You are hereFebruary 6, 2020
Molecular Motors Direct the Fate of Stem Cells
GRONINGEN (NL), February 2020 — Scientists at the University of Groningen and the University Medical Center Groningen used molecular motors to manipulate the protein matrix on which bone marrow-derived mesenchymal stem cells are grown. Rotating motors altered the protein structure, which resulted in a bias of the stem cells to differentiate into bone cells (osteoblasts).
Without rotation, the stem cells tended to remain multipotent. These results, which could be used in tissue engineering, were published in Science Advances on January 29.
“Cells are sensitive to the structure of the surface that they attach to,” explained Patrick van Rijn, Ph.D., associate professor in materiobiology and nanobiomaterials, “and movement is an important driver in biology, especially continuous movement.” That is why the research team decided to use molecular motors to manipulate the protein matrix on which stem cells are grown. The light-driven motor molecules were designed by the 2016 Nobel Laureate in Chemistry, Ben Feringa, Ph.D.
The scientists linked molecular motors to a glass surface. Subsequently, the surface was coated with protein and either exposed to UV irradiation to power the motors or not exposed to it at all. After about an hour, the motor movement was stopped and cells were seeded onto the protein layer and left to attach. Finally, differentiation factors were added.
These experiments showed that cells grown on protein that was submitted to the rotary motion of the molecular motors tended to specialize into bone cells more often, while cells seeded on protein that was not disturbed were more inclined to maintain their stem cell properties.
Observations of the protein layer using atomic force microscopy and simulations of the interaction between the motor molecules and proteins, performed by the research group of S.J. Marrink, Ph.D., showed that the movement induced subtle structural changes in the protein matrix. “The movement of motor molecules interferes with the alpha-helices in the proteins, which causes structural changes,” explained Dr. van Rijn. He compares it to the difference in texture between an unwhipped egg white and a whipped one.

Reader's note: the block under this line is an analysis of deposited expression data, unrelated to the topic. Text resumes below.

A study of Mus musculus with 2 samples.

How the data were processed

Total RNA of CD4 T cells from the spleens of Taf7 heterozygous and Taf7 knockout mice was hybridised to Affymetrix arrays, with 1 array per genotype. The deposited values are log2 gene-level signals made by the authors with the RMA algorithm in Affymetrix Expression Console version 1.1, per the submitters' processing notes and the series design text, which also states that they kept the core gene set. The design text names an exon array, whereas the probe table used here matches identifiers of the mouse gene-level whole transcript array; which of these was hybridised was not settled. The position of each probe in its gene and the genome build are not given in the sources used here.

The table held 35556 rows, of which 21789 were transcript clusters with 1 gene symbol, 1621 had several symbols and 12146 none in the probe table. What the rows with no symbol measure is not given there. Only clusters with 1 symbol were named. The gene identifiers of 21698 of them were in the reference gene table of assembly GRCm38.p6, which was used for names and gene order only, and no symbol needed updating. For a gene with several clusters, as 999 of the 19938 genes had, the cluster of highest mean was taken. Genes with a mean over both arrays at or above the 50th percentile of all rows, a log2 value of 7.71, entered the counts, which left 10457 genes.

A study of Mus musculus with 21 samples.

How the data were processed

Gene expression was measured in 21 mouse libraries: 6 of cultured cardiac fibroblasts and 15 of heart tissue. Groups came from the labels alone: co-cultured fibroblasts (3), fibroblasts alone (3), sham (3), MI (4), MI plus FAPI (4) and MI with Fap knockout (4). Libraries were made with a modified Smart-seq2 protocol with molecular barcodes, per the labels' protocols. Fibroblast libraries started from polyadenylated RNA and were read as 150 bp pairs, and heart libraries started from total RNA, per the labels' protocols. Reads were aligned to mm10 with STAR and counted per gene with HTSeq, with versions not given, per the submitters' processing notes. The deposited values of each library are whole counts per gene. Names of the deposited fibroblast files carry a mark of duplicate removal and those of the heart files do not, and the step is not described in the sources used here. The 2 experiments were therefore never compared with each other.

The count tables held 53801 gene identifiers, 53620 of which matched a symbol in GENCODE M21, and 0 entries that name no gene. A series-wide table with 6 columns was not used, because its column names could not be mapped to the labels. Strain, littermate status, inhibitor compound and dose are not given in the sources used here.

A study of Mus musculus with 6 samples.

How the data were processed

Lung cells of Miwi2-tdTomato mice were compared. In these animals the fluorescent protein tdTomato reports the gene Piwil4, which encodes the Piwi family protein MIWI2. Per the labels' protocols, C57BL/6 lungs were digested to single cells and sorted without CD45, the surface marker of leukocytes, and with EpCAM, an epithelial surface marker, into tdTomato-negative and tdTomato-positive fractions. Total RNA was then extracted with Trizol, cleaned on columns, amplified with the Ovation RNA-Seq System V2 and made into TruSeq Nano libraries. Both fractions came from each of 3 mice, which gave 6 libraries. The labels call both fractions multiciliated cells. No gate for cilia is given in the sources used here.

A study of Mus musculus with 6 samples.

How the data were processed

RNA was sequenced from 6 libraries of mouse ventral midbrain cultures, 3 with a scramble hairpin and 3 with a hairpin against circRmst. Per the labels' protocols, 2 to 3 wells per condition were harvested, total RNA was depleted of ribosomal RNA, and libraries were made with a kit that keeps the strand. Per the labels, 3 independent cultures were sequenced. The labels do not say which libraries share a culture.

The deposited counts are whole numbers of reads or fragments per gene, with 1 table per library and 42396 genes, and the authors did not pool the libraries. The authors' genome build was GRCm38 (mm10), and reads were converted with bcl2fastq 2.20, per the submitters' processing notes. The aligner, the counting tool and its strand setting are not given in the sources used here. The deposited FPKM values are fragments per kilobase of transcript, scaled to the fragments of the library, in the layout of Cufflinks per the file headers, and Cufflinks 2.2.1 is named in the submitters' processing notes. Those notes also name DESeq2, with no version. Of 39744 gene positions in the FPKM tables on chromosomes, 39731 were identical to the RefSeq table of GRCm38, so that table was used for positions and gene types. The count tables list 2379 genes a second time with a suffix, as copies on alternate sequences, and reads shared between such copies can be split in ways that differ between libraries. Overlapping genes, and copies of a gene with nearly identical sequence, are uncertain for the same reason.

The change in the surface structure of the adhered protein affects how the cells attach, for example how much they stretch out. This sets off a signaling cascade that eventually leads to altered behavior, such as the differentiation into bone cells. Thus, molecular movement leads to nanoscopic changes in surface structure, which in turn leads to differences in cell attachment, cell morphology and, eventually, cell differentiation.
“Changing the properties of a surface to affect cell fate has been used before,” said Dr. van Rijn.
However, this was done primarily with switches, so there was just a change from one state to another. “In our study, we had continuous movement, which is much more in line with the continuous motion found in biological transport and communication systems. The fact that the motors are driven by light is important,” Dr. van Rijn added. “Light can be carefully controlled in space and time. This would allow us to create complex geometries in the growth matrix, which then result in different properties for the cells.”
Therefore, light-controlled molecular motors could be a useful tool in tissue engineering.
The movement of motor molecules interferes with the alpha-helices in the proteins, which causes structural changes. The change in the structure of the protein affects how the cells attach. This sets off a signaling cascade that eventually leads to altered behavior, such as the differentiation into bone cells. Thus, molecular movement leads to nanoscopic changes in surface structure, which in turn leads to differences in cell attachment, cell morphology and eventually, cell differentiation. Image courtesy of Zhou, et al., University of Groningen.